There’s so much that I want to convey, but the very first piece of it must be hope. I will begin and end this post with hope, because no matter what happens, I refuse to lose that.
My own personal transitions over the last several years aside, it’s been difficult to write something up here at Naps, and I’ve archived all of my older stuff to start over. Strange as it may seem, today is the perfect day to do so. The results of this year’s election had me horrified to the point where I couldn’t speak without crying for some time, and throughout the night, I tossed and turned and prayed that this was just some terrible nightmare. I watched, throughout the course of the day, as the people I love tried to sort through their anger and pain so that they could come up with a plan to survive this current administration. For a good chunk of the morning, I felt helpless, and I wasn’t initially successful in putting on the mask of bravery and fearlessness that I thought my students needed to see.
I’m not sure when it happened. Maybe it was this morning before work that it began, when I’d had a few (interrupted) hours of sleep to let this mess begin to settle, or maybe it was on the drive in as I listened to Sherlock Holmes audiobooks. More likely, though, it was when I stood in front of my 8th graders reading The Outsiders to them, and I saw a boy watching me with wide eyes as I spoke.
This boy was so engrossed in the story that, for the half hour or so that I read, there was nothing else in the world. It occurred to me then that my world, this world, hadn’t gone away because of one election. It was still here in front of me, with bright eyes and eager questions. It was on that boy’s face when he’d so long protested that he hated reading, but today, he was enraptured by the story.
This isn’t about me. This isn’t about the president-elect. This is about what we choose to do now with the situation we have been given. We can still make a difference for one person every day. Donations, volunteer work, activism… and teaching. We need to teach as much as we need to love. Frankly, I can’t always distinguish between the two anymore. Love can’t be selfish, and as much as we want to curl up in a ball and lick our wounds, we can’t afford much of that selfishness right now. We need to care for ourselves, of course, but then we need to care for each other. We need to shut down the hostile speech we hear one kid hurling at another, even if they don’t think it’s a big deal, and we need to explain a better way to communicate. We need to protect the people around us, even if that protection means from ourselves. We need to speak up and speak out. We need to act.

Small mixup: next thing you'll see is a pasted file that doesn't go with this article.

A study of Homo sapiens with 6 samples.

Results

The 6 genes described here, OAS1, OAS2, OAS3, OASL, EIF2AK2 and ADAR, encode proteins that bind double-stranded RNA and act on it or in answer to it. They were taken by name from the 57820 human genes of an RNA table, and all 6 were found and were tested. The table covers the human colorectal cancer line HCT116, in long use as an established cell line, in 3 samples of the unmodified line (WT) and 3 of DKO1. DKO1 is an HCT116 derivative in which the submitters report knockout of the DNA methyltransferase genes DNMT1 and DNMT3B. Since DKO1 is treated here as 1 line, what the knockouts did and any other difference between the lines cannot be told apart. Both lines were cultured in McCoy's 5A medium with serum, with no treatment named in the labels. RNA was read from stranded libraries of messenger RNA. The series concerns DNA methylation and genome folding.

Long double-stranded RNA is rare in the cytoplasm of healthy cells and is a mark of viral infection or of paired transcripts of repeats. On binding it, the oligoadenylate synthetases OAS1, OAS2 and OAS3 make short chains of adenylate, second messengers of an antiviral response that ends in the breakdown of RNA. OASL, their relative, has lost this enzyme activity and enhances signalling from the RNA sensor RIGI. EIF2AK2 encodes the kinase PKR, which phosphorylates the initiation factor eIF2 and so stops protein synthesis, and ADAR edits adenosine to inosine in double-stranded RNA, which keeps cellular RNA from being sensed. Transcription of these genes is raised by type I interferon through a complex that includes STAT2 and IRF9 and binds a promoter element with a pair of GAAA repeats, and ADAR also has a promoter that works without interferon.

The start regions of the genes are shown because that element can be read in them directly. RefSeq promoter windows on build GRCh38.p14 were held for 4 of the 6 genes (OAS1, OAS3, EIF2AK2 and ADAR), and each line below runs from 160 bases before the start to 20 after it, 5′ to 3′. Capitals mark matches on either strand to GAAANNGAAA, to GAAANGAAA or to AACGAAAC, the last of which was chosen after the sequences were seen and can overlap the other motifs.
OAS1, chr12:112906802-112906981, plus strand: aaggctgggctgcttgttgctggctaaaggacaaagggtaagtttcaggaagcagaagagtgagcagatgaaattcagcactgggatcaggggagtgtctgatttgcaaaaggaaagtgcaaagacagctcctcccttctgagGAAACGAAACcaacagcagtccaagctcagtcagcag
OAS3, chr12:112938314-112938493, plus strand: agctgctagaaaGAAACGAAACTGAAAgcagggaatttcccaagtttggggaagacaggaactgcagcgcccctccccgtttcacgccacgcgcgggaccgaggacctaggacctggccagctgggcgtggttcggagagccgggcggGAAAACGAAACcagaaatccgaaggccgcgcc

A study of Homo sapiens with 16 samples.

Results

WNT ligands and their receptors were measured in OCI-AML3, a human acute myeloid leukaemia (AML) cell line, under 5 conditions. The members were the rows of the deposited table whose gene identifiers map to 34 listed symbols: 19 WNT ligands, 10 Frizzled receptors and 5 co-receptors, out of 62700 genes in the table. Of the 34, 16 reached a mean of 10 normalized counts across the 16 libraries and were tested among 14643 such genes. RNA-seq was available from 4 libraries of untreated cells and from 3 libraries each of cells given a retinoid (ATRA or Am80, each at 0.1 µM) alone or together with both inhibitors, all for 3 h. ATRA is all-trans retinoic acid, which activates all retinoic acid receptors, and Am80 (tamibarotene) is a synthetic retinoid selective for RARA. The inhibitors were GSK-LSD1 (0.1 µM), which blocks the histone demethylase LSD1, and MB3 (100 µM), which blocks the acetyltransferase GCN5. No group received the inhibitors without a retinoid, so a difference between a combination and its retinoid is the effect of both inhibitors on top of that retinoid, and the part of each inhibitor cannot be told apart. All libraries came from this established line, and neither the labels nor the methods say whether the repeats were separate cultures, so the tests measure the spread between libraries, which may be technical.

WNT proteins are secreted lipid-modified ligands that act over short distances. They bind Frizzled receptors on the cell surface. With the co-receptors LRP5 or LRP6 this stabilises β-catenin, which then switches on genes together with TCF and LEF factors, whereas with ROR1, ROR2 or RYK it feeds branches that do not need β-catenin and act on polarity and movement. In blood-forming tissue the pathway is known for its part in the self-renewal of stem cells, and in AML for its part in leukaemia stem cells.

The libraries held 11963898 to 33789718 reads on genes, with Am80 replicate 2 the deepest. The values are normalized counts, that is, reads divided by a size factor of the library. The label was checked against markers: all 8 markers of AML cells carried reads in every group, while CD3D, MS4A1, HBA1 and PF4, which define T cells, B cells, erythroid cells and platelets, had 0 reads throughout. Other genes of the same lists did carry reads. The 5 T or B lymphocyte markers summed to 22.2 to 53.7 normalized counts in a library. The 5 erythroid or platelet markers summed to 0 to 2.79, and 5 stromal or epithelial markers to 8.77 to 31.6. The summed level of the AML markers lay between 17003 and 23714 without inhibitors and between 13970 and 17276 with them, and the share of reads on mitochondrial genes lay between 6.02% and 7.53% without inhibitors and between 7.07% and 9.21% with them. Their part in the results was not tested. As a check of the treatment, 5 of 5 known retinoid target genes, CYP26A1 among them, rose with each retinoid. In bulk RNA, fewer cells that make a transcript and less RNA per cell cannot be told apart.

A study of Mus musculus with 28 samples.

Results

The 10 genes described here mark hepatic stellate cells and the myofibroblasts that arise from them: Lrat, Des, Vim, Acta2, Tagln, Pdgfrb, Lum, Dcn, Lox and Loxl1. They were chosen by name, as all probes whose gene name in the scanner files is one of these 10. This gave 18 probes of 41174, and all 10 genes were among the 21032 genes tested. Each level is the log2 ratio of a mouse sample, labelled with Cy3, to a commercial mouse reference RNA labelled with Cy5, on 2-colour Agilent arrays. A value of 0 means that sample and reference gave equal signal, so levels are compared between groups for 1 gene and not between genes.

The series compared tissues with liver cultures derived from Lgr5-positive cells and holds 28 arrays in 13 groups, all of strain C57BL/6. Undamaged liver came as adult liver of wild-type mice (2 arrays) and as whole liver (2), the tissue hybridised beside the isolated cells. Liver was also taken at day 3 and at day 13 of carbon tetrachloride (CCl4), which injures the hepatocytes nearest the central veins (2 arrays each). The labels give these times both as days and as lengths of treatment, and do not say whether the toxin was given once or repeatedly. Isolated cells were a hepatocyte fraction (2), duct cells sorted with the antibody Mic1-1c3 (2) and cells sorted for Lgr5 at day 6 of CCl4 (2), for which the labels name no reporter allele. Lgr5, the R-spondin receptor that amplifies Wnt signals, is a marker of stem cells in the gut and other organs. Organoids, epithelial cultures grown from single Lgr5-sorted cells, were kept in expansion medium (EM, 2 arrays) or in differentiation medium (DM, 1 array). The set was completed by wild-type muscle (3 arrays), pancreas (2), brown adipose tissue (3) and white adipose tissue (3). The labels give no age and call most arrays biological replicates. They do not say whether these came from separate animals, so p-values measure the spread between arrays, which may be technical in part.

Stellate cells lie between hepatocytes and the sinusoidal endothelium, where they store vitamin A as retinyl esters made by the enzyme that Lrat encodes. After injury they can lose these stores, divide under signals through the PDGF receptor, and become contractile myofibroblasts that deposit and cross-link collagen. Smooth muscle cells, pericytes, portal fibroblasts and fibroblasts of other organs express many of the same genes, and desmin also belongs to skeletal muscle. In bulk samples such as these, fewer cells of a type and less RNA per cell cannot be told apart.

We are not a country lost; rather, we are a country divided, and the only way to overcome that is through action. Love is an action. Stop focusing on the noun and turn your attention to the verb. Love. Love the ideals of this country that you hold so dear you want to scream. Love the cracking, wobbling voices articulating their thoughts regardless of how unsure and afraid they are. Love the adults who let their fear become their rage and show them the compassion that they’ve forgotten. Love the screaming, jumping, howling people who refuse to be forgotten or ignored. Love the little ones who look at us with wide eyes and wait for the stories they can’t let their friends know they need. Love the frightened voices in the dead of night who can’t remember right now that the sunrise is coming. Love the promises you made to yourself before you learned to be cynical and skittish. Love every piece of you, even if you see yourself as broken, and change the parts that need changing.
I refuse to stop loving. To lose love is to despair, and I will not let that happen. I know what it is to open your eyes and stare at nothing for almost an hour because you have to fight with yourself to get up. I know what it is to imagine what the world will be like five years after you’ve died and to wonder if it will be better. What I also know is that I will not be broken by anyone, least of all myself.
Things will be better. I have faith in that the way some people have faith in religion. It has to be better. I won’t allow it to be anything less because I will spend every day of my life fighting to make it better, even if it’s only in a small way that impacts one person’s life.
Because, you know, that isn’t small. Finding a child who hates to read and giving them a story that adds the wonder back into their eyes that encroaching adulthood tries to steal away? That’s making the world better. Telling someone that they matter to you could wind up saving their life. That’s making the world better.
It will be hard, there’s no question about that, but we cannot falter now. We need to stand up and raise our voices. We need to listen to the stories people are telling us. We cannot lose hope. Stand together. We will not allow our future to be stolen from us. Our worlds haven’t gone away. They’re darker, but the dawn is coming. We just need to hold hands and guide each other through the night.